Kids Safe

Sport Injuries

Our Sport Clinic now offers prevention and treatment services including a sport medicine physician, chiropractic services, physical therapy, massage therapy, nutrition, and sport psychology. The Sport Manitoba Clinic offers Functional Movement Screens that are a valuable tool to help reduce the risk of sport related injuries. The screen identifies physical imbalances, limitations, and weaknesses, as well as establishes a functional baseline to mark progress.

We recently launched a new concussion program designed to inform the sports community about the key issues related to concussions, whether they happen on the field, ice or court.

Read it here.


Community sport needs to address the issue of child safety, specifically as it pertains to harassment and abuse. Coaches and parents/guardians need to work together to help keep our kids safe. Parents play a critical role in protecting children. Understanding child sexual abuse and implementing strategies to prevent it, can help you build safe environments for your child and other children in the community.

Here Are Some Suggestions

Respect in Sport Certified - Keeping sport and kids safe

In 2006, Sport Manitoba launched a program called Respect in Sport (Sheldon Kennedy helped develop it). Respect in Sport - Coaches helps us keep kids safe through a simple and convenient online training course for coaches and sport leaders. It is designed as a tool to assist coaches in identifying and dealing with abuse, neglect, harassment, and bullying in sport. As a parent, ask if your coach has their Respect in Sport certificate. As a coach, encourage the adults around you to take this simple online course. In 2016 we launched an updated program for our coaches to take. Some Provincial Sport Organizations require parents to take the the parent version of Respect in Sport.


Rule of Two

The goal of the Rule of Two is to ensure all interactions and communications are open, observable, and justifiable.

The Rule of Two serves to protect athletes and coaches from potentially vulnerable situations by ensuring that more than one adult is present (at all times). Vulnerable situations can include closed doors meetings, travel, and training environments. As a parent, try to avoid situations that place your child alone with a coach or volunteer, particularly behind closed doors. As a coach, you need to ensure there is at least one other person, preferably another screened and trained adult, with you and your athlete. Leave the door open or meet in public areas when you need to have sensitive conversations. You can also encourage the athlete to bring a trusted person in the conversations as well.

The same rule applies to online communication. Parents should be copied on email or text message communications. Coaches should never talk to their athletes in chat rooms or via social media direct messaging. Group chat is ok, but never on social media platforms like SnapChat. Please always use platforms that save your chats like Team Snap, TeamLinkt, etc.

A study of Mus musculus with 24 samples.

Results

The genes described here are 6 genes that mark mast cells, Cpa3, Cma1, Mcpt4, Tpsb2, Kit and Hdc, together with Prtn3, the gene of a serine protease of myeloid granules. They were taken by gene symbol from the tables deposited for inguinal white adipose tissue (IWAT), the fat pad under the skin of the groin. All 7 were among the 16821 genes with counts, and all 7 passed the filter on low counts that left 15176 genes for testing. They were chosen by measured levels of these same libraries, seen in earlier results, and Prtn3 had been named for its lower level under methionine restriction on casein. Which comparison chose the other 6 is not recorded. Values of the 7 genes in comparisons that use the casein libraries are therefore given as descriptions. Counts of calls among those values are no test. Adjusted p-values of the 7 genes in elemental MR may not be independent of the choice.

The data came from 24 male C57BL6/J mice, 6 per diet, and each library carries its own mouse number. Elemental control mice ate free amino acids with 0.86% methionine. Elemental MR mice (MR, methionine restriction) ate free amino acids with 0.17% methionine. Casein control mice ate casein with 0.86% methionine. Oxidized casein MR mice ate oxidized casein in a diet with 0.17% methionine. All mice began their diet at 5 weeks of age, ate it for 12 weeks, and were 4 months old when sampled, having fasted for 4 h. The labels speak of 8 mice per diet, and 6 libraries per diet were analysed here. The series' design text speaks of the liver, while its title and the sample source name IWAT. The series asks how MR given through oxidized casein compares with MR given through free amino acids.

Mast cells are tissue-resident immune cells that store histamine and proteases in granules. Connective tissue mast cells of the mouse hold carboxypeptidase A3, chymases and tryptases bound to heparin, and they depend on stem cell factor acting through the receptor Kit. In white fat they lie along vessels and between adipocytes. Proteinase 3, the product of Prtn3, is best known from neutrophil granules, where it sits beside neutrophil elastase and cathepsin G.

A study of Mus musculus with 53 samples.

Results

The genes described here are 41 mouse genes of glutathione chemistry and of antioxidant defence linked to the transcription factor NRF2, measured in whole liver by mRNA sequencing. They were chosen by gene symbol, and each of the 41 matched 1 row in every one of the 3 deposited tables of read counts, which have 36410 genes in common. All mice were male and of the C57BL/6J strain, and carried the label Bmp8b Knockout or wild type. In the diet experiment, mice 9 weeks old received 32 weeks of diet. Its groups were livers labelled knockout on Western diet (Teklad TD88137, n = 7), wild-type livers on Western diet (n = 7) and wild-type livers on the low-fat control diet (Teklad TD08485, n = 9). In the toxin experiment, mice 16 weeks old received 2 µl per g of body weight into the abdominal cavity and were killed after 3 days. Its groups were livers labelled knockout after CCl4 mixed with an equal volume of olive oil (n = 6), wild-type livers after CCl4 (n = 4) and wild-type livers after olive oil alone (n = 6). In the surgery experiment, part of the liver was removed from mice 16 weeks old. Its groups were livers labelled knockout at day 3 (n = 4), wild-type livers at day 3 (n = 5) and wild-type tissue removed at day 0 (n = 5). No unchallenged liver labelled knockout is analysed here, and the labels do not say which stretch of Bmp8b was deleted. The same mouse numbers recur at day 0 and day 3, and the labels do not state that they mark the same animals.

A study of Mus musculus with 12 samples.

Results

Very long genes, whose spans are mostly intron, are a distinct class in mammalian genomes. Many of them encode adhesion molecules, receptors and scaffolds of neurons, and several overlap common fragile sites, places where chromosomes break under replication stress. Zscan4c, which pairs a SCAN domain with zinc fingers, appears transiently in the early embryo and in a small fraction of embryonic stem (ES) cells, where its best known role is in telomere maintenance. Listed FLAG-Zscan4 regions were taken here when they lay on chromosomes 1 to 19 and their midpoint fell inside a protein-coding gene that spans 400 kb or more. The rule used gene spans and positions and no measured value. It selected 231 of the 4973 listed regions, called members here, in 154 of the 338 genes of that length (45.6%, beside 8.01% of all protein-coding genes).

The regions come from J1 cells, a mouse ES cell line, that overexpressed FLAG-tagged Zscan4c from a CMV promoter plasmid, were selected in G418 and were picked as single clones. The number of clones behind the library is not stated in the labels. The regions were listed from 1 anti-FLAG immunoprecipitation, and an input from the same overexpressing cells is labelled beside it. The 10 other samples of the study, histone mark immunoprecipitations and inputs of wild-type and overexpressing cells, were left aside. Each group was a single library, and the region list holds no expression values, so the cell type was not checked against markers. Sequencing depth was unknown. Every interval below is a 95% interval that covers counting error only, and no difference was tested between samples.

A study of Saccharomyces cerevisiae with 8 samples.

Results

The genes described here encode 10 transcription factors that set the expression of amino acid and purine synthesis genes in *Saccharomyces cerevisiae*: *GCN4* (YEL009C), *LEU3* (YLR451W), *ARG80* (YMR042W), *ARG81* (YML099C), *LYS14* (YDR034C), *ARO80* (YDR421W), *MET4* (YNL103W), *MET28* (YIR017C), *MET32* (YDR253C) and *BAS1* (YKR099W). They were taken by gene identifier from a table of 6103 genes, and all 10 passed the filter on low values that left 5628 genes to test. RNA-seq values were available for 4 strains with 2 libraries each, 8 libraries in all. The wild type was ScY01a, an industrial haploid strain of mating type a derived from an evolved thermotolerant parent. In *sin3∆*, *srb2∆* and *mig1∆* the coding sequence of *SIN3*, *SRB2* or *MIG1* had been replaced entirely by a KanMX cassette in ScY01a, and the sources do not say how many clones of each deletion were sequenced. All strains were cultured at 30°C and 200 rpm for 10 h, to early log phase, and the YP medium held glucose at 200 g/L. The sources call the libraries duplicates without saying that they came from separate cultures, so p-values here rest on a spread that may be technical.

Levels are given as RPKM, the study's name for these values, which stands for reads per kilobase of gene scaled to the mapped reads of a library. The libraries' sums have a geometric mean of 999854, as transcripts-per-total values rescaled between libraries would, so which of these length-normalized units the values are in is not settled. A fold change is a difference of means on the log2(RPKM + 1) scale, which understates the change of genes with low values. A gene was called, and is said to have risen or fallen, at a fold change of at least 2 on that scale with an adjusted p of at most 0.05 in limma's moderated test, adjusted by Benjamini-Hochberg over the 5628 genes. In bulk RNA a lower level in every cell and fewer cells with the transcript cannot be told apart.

Coach Training

Canada has a National Coaching Certification Program (NCCP) that offers a course called Make Ethical Decisions (MED). This course helps coaches identify the legal, ethical, and moral implications of difficult situations that present themselves in the world of team and individual sport. There is  also the Commit to Kids for Coaches online training that addresses the importance of understanding boundaries, sexual misconduct and reporting of inappropriate behaviour. As a parent, ask if your coach has taken MED or Commit to Kids. As a coach, encourage the adults around you to take these simple courses.


Screening Process

Parents and coaches should look to get involved with organizations or activities that have screening policies. Good screening processes can include volunteer interviews, reference checks, criminal record checks and child abuse registry checks. If your organization/activity doesn't have a screening process, Sport Manitoba can help. Contact Susan Lamboo, Coaching Manager.


Trust Your Gut

Listen when your instinct whispers that something might not be right. Don't ignore it. In fact, turn the volume up and tune in. Ask questions. And most importantly, get help.


Safe Sport Line

As a coach or a parent, you might encounter a situation in sport centering around bullying or harassment that you are uncertain about how to address. Talk to someone who can help.  For support, consultation, referral or resources please call toll free 1-833-656-SAFE or email For any suspected incidents of abuse, harassment, bullying and hazing call this number immediately. A trained support line staff person will be available to assist with questions or concerns.

Additional Resources

Sport Manitoba has teamed up with the Canadian Centre for Child Protection to share their Commit to Kids resources. The Canadian Centre for Child Protection is a national charitable organization dedicated to the personal safety of all children. Material includes information on the coach-athlete relationship, guidelines for interactions between adults and athletes, as well as how to report inappropriate behaviour and child sexual abuse.

Responsible Coaching Movement (RCM)

The RCM invites all coaches and sport organizations to learn and apply consistent safety principles. It includes three distinct pillars, each serving to create a sport environment that is Safe, Smart, and Secure.